Difference between revisions of "STM NUCLEOF401RE TIMER IO"

 
==== Connections ====
 
Checking the schematic for the Nucleo board and the datasheet for the CPU, we discover that the LED is connected to pin A5, and that this is shared with Timer_2, (actually TIM2_CH1 / TIM2_ETR alternate functions using register AF01).
 
Checking the schematic for the Nucleo board and the datasheet for the CPU, we discover that the LED is connected to pin A5, and that this is shared with Timer_2, (actually TIM2_CH1 / TIM2_ETR alternate functions using register AF01).
With some digging in the datasheets and header files for the STM32F401, I was able to figure out that we can map the GPIO status to the status of Timer_2. So as the timer reaches a set value, the GPIO pin will toggle - entirely independently of the CPU. I actually proved the CPU does nothing by accidentally writing soem buggy code that set the CPU to a hard fault (crash), but the LED kept on blinking.
+
 
 +
With some digging in the datasheets and header files for the STM32F401, I was able to figure out that we can map the GPIO status to the status of Timer_2. So as the timer reaches a set value, the GPIO pin will toggle - entirely independently of the CPU.  
 +
 
 +
I actually proved the CPU does nothing by accidentally writing some buggy code that set the CPU to a hard fault (crash), but the LED kept on blinking.
 +
 
 +
==== Some information on Timer_2 ====
 +
 
 +
The timer is clocked from the main system clock, I think on the Nucleo board that this is 84MHz, but I may be wrong - I'm still learning. The timer has a programmable pre-scaler between it and the main clock, this lets us clock the timer at a more manageable rate (we can slow it down) if the full clock rate is too fast.
 +
 
 +
When enabled, the timer counts up from zero until it reaches its maximum value (2<sup>16</sup>) then it rolls over back to zero. We can set an auto-reload value that will instead be the value the timer rolls over at when reached, this allows more flexibility in how we use the timer.
 +
 
 +
There are several possible ways to detect when the timer overflows or auto reloads, the timer will set a flag we can poll for in code, or it can issue an interrupt, or as in this case, we can have it directly interact with another peripheral in the STM32F401 device.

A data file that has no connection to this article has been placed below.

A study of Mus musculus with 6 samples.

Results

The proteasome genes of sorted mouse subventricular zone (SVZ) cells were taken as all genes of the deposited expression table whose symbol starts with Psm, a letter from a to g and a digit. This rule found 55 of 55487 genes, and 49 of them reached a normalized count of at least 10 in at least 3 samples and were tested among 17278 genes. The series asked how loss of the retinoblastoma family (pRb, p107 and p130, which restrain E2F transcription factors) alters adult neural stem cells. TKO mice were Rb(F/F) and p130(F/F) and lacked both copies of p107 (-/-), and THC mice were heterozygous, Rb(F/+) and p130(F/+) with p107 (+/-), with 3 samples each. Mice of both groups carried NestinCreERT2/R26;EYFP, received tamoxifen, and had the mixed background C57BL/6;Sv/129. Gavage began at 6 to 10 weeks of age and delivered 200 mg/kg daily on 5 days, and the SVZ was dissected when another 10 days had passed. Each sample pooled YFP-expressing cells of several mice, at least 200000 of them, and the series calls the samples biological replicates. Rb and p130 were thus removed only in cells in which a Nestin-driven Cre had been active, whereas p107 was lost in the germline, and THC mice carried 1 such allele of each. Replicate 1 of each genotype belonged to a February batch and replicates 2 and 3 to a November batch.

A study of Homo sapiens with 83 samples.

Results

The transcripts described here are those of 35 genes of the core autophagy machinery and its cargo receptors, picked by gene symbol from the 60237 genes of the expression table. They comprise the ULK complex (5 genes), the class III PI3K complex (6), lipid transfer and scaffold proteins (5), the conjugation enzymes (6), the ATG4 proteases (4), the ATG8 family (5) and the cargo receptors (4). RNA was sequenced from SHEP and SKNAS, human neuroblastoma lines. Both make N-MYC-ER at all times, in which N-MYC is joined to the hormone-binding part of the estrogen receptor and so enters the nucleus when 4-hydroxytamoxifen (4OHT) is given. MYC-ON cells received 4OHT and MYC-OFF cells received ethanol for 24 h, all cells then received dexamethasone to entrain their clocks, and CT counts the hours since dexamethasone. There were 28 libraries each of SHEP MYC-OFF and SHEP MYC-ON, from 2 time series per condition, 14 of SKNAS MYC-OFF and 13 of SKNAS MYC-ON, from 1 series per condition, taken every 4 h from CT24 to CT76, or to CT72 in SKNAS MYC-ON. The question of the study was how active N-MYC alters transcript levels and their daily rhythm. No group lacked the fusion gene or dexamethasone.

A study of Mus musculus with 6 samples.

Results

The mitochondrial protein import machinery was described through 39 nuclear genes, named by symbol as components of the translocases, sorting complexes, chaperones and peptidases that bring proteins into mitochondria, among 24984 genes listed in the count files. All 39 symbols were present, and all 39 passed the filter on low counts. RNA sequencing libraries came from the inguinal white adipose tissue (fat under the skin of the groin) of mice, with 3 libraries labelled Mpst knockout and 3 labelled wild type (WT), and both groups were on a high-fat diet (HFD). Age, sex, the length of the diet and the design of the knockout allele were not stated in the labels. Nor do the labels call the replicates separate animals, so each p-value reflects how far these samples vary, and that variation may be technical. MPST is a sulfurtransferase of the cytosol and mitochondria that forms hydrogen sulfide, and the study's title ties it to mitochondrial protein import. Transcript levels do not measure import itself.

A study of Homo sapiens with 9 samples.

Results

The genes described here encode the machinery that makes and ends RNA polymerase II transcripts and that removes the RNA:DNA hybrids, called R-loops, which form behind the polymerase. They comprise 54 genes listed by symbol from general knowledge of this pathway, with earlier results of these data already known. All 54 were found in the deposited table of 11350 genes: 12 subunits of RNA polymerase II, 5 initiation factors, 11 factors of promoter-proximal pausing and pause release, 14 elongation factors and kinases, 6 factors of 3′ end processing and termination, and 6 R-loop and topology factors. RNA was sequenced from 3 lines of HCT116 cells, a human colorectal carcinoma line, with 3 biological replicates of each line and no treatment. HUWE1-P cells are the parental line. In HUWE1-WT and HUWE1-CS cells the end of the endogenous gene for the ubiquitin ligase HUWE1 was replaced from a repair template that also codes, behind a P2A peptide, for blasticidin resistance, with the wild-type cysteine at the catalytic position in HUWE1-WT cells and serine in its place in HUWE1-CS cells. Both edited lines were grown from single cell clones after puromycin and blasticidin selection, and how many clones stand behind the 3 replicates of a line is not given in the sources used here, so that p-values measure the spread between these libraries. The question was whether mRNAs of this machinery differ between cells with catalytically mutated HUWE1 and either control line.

Revision as of 21:59, 11 January 2016

How to drive the GPIO pins without using the CPU.

It's all very well to use the CPU to turn on and off an LED connected to a GPIO pin, but it is wasteful of resources. Having the CPU sit in a tight delay-loop wasting time until it's time to toggle the GPIO pin wastes processing time that could be doing something much more useful.

The STM32F4 device features a host of peripherals that, for the most part, can run independently of the CPU. In this example we'll configure a timer to toggle the GPIO pin the LED is connected to on the Nucleo-F401RE board.

Connections

Checking the schematic for the Nucleo board and the datasheet for the CPU, we discover that the LED is connected to pin A5, and that this is shared with Timer_2, (actually TIM2_CH1 / TIM2_ETR alternate functions using register AF01).

With some digging in the datasheets and header files for the STM32F401, I was able to figure out that we can map the GPIO status to the status of Timer_2. So as the timer reaches a set value, the GPIO pin will toggle - entirely independently of the CPU.

I actually proved the CPU does nothing by accidentally writing some buggy code that set the CPU to a hard fault (crash), but the LED kept on blinking.

Some information on Timer_2

The timer is clocked from the main system clock, I think on the Nucleo board that this is 84MHz, but I may be wrong - I'm still learning. The timer has a programmable pre-scaler between it and the main clock, this lets us clock the timer at a more manageable rate (we can slow it down) if the full clock rate is too fast.

When enabled, the timer counts up from zero until it reaches its maximum value (216) then it rolls over back to zero. We can set an auto-reload value that will instead be the value the timer rolls over at when reached, this allows more flexibility in how we use the timer.

There are several possible ways to detect when the timer overflows or auto reloads, the timer will set a flag we can poll for in code, or it can issue an interrupt, or as in this case, we can have it directly interact with another peripheral in the STM32F401 device.